Artists visit for Community Meetings
Artists visit for Community Meetings
Playwright John Romeril and Director Teresa Crea visited Balaklava last week, for discussions with Wakefield Regional Council about a new creative arts project running next year in Balaklava.
“Our approach is to use collaboration between artists and community members to make new art works, which could be performance, or installations or website arts”, said Crea, a highly experienced community artist who set up Doppio Teatro in South Australia and has worked on many local projects.
“I am interested in the use of multiple art forms both conventional and new media to tell important stories and foster community development”, she said.
One such story is the history of 1950s nuclear testing in South Australia, seen through the eyes of Balaklava resident Avon Hudson. Hudson, a long time campaigner for recognition of what military personnel and aboriginal people went through at the time of the tests, has welcomed the project. “It is a great way of passing the story down to new generations of Australians.” said Hudson.
Playwright John Romeril, renowned internationally for plays based on important Australian historical events, will work with Hudson and other community members to draw out the stories of scientific experiments that led to the nuclear tests, and the aftermath that continues to affect today’s and future generations. “This is an important Australian story with many dimensions that although hidden continue to affect us all.” said Romeril.
Also in the creative team is Paul Brown, Creative Producer for community arts company Alphaville, who is coordinating the project in conjunction with Wakefield Regional Council and its Youth Advisory Committee. Brown has put together an international network of creative artists from Britain, Japan, Australia and India, who will work over three years on a ‘Nuclear Futures Partnership Initiative’.
The work is jointly funded by the Australia Council for the Arts and Arts South Australia. Both funders have supported Nuclear Futures through their community partnerships grants programs.
Brown said “Apart from the stories of nuclear testing and the impact of long term radiation, the Balaklava project will see other local issues and community stories developed into multi-media workshops and performances. The aim is to provide a basis for on-going cultural development that draws on the skills, stories and priorities of the Wakefield region”.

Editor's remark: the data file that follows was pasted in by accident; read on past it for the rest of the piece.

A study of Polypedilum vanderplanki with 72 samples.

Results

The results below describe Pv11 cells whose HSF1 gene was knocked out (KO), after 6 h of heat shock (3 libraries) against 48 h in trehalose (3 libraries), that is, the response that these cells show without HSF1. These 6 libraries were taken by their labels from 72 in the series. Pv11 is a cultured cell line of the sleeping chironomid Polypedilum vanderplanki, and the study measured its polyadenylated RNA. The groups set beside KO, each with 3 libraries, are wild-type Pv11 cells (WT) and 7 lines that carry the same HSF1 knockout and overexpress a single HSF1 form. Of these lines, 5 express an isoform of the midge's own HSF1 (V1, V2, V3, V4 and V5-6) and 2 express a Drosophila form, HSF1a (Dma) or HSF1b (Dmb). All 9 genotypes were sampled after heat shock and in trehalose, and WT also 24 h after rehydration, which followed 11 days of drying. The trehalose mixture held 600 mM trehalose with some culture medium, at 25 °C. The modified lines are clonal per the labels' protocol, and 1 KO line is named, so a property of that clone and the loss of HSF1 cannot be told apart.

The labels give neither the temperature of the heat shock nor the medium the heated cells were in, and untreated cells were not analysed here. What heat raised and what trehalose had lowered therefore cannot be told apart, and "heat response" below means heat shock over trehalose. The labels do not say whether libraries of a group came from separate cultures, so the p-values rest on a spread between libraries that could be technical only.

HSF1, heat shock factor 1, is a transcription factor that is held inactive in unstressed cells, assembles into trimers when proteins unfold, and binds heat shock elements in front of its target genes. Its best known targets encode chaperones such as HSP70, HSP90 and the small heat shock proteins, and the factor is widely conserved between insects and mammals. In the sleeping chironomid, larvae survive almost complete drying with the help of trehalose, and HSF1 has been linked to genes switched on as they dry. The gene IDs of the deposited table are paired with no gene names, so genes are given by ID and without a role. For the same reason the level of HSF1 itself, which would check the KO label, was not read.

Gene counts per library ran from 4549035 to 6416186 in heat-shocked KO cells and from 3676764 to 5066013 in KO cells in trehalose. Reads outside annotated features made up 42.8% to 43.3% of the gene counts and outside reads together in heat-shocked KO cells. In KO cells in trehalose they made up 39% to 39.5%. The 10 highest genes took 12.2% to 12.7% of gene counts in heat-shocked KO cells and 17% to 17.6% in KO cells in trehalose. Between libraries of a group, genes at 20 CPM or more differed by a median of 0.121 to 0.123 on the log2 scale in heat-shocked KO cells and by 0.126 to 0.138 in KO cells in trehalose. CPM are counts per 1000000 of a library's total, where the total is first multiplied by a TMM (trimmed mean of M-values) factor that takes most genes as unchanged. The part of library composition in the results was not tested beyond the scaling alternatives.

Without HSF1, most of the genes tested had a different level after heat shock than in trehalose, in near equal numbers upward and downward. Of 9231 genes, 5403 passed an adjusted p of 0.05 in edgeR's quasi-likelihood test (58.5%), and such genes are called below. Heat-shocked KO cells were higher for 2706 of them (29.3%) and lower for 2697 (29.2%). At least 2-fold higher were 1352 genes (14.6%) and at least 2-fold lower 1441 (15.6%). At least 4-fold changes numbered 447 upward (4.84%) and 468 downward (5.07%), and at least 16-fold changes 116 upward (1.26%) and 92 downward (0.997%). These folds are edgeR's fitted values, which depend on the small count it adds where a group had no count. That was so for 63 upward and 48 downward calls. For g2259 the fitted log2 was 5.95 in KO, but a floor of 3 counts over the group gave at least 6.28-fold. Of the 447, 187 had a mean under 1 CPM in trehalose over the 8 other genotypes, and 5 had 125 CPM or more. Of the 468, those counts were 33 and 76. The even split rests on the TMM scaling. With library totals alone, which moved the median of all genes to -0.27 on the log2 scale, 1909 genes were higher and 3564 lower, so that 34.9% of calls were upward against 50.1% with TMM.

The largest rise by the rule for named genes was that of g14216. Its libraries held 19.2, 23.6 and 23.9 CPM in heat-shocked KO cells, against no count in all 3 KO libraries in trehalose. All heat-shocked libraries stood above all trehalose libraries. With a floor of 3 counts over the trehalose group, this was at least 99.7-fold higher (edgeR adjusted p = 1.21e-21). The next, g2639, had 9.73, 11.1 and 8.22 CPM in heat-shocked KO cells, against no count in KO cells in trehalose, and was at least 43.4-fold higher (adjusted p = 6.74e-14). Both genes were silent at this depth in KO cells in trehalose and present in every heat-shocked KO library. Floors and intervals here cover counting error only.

The project’s Program Manager Ellise Barkley is also in Balaklava to begin the process of establishing local networks and logistics for the project as it unfolds next year. “It is very exciting that work we develop locally can link with creative endeavours in several countries”, said Barkley.
International touring of work developed in Balaklava is one long term aim for the project. “We are keen to hear from anyone in the area who wants to be involved in this year long creative process, to bring their interests and skills to workshops and to share with local and international artists working on the project.” said Barkley.
The project is driven by creative partnerships involving arts and non-arts organisations. To date, partners include:
Community Partners: Australian Nuclear Veterans Association; Wakefield Youth Advisory Committee (YAC).
Partner Institutions: Wakefield Regional Council, State Library of South Australia.
Funding Partners: Australia Council for the Arts, Arts South Australia.
Strategic Alliances: British Nuclear Test Veterans Association, Global Hibakusha Project, Hiroshima Peace Institute, In Place of War/Manchester University, Murdoch University, QUT.
Key Personnel: Teresa Crea (Director/Facilitator), John Romeril (Playwright), Linda Dement (Digital artist) Jessie Boylan (Photographer), Paul Brown (Creative Producer, Alphaville), Ellise Barkley (Program Manager, Nuclear Futures) and Carly Friedrich (Admin Officer, Nuclear Futures). Additional creative artists from other disciplines will also be involved.